Nova Scotia challenged by extensive out of control wildfires, premier bans all activity in forests

BC Wildfires. Image credit: Unsplash Christopher Burns

Halifax/CMEDIA: All activity in forests in Nova Scotia has been banned as of Tuesday due the extensive wildfire damage, Premier Tim Houston was reported saying.

Houston joined a news conference Tuesday afternoon virtually from Shelburne County, where wildfires have reached more than 10,300 hectares in size.

“Today in Shelburne County at the command centre, there’s a great deal of concern over this fire. This fire continues to grow,” Houston said.

Approximately 200 homes or structures near Halifax that began burning Sunday in the Upper Tantallon, N.S., area have been damaged by the wildfire, according to preliminary estimates.

Due to the ongoing firefighting efforts, Houston reportedly said that all activity in the province’s woods including hiking, camping, fishing, use of off-highway vehicles, forestry, hunting and more are prohibited.

The cause of the ongoing fires remains under investigation, Scott Tingley, manager of forest protection with the Department of Natural Resources and Renewables, said.

“It’s safe to say that it’s very likely human-caused for all these fires, therefore much of it is probably preventable,” Tingley said during Tuesday’s news conference.

The premier said there were six illegal burns reported Monday evening and pleaded with Nova Scotians not to disobey the provincial burn ban. 

Tingley said there are 13 active wildfires, eight of which started Monday with the largest, in Shelburne County surpassing 10,000 hectares in size and is presenting a “very challenging situation” for firefighters.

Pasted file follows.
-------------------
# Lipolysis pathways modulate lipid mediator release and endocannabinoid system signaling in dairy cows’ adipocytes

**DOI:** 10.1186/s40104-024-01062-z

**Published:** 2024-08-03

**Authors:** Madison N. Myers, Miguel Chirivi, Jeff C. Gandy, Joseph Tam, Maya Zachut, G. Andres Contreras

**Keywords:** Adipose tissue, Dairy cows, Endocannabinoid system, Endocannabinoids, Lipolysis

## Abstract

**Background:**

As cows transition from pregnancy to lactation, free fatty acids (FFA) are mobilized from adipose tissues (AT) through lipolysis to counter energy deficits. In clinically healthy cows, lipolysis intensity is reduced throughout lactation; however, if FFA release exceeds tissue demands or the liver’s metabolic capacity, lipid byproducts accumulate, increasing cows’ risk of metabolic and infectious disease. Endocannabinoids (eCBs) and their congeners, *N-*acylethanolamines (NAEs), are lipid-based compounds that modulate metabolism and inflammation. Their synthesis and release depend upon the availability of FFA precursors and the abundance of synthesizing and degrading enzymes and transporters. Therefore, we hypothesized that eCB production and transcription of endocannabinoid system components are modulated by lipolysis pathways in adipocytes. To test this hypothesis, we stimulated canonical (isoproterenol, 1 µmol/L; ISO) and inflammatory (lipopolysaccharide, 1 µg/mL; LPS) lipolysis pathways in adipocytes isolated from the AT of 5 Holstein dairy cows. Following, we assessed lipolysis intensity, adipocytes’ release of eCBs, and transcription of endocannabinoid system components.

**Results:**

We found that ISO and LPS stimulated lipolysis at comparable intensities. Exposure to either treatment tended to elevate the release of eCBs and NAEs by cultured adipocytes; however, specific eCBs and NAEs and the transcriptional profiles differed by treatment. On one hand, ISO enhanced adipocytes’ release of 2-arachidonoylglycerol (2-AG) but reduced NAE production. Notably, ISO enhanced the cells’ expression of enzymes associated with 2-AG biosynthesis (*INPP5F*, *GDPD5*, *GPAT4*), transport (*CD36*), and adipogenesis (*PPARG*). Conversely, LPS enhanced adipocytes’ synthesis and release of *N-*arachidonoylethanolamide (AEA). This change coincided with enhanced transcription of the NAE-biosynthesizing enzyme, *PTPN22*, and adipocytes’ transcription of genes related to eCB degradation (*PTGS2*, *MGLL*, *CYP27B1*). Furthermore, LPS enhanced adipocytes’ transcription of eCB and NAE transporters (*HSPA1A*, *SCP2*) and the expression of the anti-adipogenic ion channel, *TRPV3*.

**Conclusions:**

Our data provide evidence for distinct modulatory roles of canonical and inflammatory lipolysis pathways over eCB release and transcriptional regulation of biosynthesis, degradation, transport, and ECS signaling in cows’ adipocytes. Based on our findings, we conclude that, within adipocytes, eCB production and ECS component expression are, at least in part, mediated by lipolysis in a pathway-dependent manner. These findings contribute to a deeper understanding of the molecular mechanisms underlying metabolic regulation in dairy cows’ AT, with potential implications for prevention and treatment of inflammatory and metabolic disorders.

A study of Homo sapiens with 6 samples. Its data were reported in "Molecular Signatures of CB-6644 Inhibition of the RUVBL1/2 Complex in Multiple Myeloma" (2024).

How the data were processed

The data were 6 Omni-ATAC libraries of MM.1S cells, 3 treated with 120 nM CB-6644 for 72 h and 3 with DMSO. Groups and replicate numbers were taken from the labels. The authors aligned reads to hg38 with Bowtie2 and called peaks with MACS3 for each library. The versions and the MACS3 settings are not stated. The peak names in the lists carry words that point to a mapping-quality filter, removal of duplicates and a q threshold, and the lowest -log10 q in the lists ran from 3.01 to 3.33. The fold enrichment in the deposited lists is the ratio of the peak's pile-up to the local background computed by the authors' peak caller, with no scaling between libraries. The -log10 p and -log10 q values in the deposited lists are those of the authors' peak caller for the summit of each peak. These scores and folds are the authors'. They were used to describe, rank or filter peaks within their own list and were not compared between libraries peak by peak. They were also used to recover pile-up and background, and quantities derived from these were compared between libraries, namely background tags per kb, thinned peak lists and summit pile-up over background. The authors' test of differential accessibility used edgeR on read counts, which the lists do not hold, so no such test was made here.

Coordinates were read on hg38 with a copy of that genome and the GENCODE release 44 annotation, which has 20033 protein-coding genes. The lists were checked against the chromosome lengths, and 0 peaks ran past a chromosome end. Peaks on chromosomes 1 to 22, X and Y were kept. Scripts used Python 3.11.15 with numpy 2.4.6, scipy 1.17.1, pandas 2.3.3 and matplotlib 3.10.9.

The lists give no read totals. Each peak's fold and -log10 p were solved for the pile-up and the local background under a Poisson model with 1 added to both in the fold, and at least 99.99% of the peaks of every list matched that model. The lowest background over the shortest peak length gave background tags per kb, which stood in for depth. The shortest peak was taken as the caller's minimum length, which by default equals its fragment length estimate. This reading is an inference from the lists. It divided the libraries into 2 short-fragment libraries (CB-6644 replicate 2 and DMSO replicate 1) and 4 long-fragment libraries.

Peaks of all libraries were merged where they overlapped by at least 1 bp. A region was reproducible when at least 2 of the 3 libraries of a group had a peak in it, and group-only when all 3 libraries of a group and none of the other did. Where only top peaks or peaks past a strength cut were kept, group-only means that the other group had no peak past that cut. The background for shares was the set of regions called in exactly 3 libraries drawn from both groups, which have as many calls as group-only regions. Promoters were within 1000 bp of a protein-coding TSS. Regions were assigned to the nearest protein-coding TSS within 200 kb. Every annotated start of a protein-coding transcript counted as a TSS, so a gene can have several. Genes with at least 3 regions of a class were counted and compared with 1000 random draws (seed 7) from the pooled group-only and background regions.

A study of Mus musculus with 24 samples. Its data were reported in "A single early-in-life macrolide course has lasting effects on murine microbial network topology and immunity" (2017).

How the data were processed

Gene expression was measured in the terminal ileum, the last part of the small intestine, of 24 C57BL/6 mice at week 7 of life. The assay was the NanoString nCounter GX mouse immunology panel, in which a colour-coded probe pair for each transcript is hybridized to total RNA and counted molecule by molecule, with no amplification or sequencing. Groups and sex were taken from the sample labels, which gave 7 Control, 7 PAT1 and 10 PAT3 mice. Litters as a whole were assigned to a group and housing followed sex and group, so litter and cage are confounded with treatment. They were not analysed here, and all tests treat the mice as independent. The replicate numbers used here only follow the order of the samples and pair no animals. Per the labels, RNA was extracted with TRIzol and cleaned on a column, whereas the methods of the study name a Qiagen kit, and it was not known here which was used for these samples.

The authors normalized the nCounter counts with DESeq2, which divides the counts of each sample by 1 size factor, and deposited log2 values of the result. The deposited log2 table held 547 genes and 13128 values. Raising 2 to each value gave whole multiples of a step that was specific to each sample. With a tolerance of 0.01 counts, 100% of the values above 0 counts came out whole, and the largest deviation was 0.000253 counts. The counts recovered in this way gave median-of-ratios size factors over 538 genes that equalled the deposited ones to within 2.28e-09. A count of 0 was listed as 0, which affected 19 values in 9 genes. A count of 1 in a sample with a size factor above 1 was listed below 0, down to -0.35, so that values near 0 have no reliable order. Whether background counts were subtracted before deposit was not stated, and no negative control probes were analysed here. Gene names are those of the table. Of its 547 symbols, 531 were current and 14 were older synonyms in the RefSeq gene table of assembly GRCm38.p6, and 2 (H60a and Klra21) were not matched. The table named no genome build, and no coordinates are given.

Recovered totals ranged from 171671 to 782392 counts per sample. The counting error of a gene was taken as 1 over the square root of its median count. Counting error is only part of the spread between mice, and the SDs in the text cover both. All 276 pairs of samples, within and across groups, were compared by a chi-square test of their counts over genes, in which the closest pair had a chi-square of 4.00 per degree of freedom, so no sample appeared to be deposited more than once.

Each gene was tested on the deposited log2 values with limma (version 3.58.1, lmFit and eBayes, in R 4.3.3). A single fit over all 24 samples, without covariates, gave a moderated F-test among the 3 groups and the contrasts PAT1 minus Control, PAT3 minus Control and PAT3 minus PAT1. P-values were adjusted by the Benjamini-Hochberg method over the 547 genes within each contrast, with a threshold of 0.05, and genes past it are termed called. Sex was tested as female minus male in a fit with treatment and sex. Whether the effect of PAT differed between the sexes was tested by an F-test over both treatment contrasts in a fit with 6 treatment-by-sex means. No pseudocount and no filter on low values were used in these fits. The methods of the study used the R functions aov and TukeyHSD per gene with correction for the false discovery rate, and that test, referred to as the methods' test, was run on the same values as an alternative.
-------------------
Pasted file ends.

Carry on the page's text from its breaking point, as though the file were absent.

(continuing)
Fires in the Tantallon area, Shelburne County and in Pubnico remain out of control.

“We have very, very hot, dry weather again…Crews are being challenged by the fire behaviour…working very, very hard to prioritize resources and try to minimize those impacts” Tingley said, adding that communities and homes remain at risk.

A high risk of fire spread due to dry, hot and windy conditions remains, David Steeves, a forest resources technician with the Nova Scotia Department of Natural Resources and Renewables, said.

According to the new restrictions on activity in the woods which apply to crown and private land, Nova Scotians can access beaches, provincial and municipal parks, but trail systems are off limits and camping is allowed only in campgrounds. While private landowners are free to use their own properties, they cannot host others in the wooded areas of their property.

Forestry, mining and any commercial activity on crown land is also restricted. Forestry companies working on crown land can only work between 8 p.m. and 10 a.m.

These restrictions are in place until at least June 25.